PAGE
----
It’s been almost eight years since id Software released the first Rage. Met with cries of mediocrity, it’s a shock that the post-apocalyptic shooter was deemed worthy of a sequel. So can Rage 2 rectify the faults of its predecessor, or will it fall into the same category of “good ideas – poor execution”?
Well it’s safe to say that there are some clear improvements with Rage 2, most obvious of which is the excellent gunplay. It’s obvious that developers Avalanche have leant heavily on the mechanics which made 2016’s Doom such a success. There’s a huge arsenal of weapons and traversal abilities at your disposal which, when combined with equipment like turrets and your trusty wingstick, make for varied dynamic combat. It’s quick, fluid, and tons of fun! This core experience is Rage 2’s true strength; the caveat is that everything else about the game feels very lacklustre in comparison.
Let’s start with the story. Players take control of Ranger Walker, your generic slab of super suited soldier tasked with saving the world as we know it. They’ll be able to choose Walker’s gender but sadly, neither option will detract from a drab personality, lame motivation and bored voice acting. The overall plot and supporting are equally uninteresting. Attempts to be humorous and unique often instead lean more towards cringey than entertaining. In a world where games like Fallout and Borderlands offer such distinct depictions of destroyed wildlands, Rage 2’s watered down, and tonally confused version simply doesn’t cut the mustard for a AAA title.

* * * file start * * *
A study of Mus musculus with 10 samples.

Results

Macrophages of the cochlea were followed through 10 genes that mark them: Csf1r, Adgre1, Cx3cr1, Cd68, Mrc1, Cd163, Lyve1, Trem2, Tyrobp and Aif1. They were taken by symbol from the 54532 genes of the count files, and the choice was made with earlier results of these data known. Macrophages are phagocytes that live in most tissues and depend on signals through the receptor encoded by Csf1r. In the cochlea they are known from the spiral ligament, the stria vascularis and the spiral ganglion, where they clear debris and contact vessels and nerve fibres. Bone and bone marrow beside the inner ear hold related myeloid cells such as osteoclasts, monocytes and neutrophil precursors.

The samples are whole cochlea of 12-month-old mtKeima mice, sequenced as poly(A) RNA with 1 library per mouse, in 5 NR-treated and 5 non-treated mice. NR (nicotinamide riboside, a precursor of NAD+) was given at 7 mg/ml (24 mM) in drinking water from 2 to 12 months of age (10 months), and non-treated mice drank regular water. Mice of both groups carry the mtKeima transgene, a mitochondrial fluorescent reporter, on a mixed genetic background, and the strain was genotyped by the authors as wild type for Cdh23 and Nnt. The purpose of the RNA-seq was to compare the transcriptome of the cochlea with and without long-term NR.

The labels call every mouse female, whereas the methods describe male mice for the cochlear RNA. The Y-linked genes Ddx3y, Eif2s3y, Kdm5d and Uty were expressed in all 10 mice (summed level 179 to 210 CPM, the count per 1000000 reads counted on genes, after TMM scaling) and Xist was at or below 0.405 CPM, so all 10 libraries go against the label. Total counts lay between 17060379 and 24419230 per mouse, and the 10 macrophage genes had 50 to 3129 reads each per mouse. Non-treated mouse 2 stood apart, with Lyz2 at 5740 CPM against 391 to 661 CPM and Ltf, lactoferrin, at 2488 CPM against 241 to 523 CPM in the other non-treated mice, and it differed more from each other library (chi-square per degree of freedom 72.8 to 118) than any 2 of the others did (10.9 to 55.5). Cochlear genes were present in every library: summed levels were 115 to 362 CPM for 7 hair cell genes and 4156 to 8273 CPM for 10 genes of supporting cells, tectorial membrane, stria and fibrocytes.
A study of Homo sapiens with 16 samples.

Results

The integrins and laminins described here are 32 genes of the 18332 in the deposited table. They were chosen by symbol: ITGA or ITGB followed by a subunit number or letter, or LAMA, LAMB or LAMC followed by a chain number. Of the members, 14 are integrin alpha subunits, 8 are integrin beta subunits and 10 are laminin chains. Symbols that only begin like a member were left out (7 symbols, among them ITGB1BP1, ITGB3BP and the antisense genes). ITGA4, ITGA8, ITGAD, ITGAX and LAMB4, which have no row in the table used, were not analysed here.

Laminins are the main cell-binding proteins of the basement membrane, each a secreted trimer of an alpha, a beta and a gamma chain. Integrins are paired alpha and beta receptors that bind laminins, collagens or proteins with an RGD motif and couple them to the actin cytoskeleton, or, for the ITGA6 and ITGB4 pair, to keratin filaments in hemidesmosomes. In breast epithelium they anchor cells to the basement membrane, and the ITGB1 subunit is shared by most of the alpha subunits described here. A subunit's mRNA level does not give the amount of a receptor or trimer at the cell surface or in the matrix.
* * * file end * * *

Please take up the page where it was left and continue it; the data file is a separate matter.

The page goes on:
These same shortcomings can be said of the now fully open world. Although splashes of neon purple and green attempt to provide some vibrancy to the otherwise plain palette, a fresh lick of paint isn’t nearly enough to cover the cracks. The world is boring, both visually and in terms of content. There’s plenty to do but it’s all very samey. Go here, kills these guys, collect this, rinse, repeat. Again, when we have immersive, lifelike worlds like those seen in Breath of the Wild and Red Dead Redemption, simplistic point-to-point exploration like this feels incredibly dated and unenticing. If not for the promise of more baddies to shoot, there’d be zero motivation to search out this characterless map.
Getting to these places isn’t particularly stimulating either. The revamped vehicle combat in Rage 2 is slightly more enticing than its predecessor, but still dull compared to the sheer chaotic joy of the on-foot segments. It’s much more Mild Max than Mad. On top of all this is a plethora of semi-regular glitches. Textures popping in, sound distortion, character clipping, the full shebang!
All these faults feel like they serve no purpose other than to act as a showcase for the genuinely fantastic shooting. Whilst Rage 2 does a lot right, it does far too much wrong. A brilliant FPS delivered in a fairly naff package.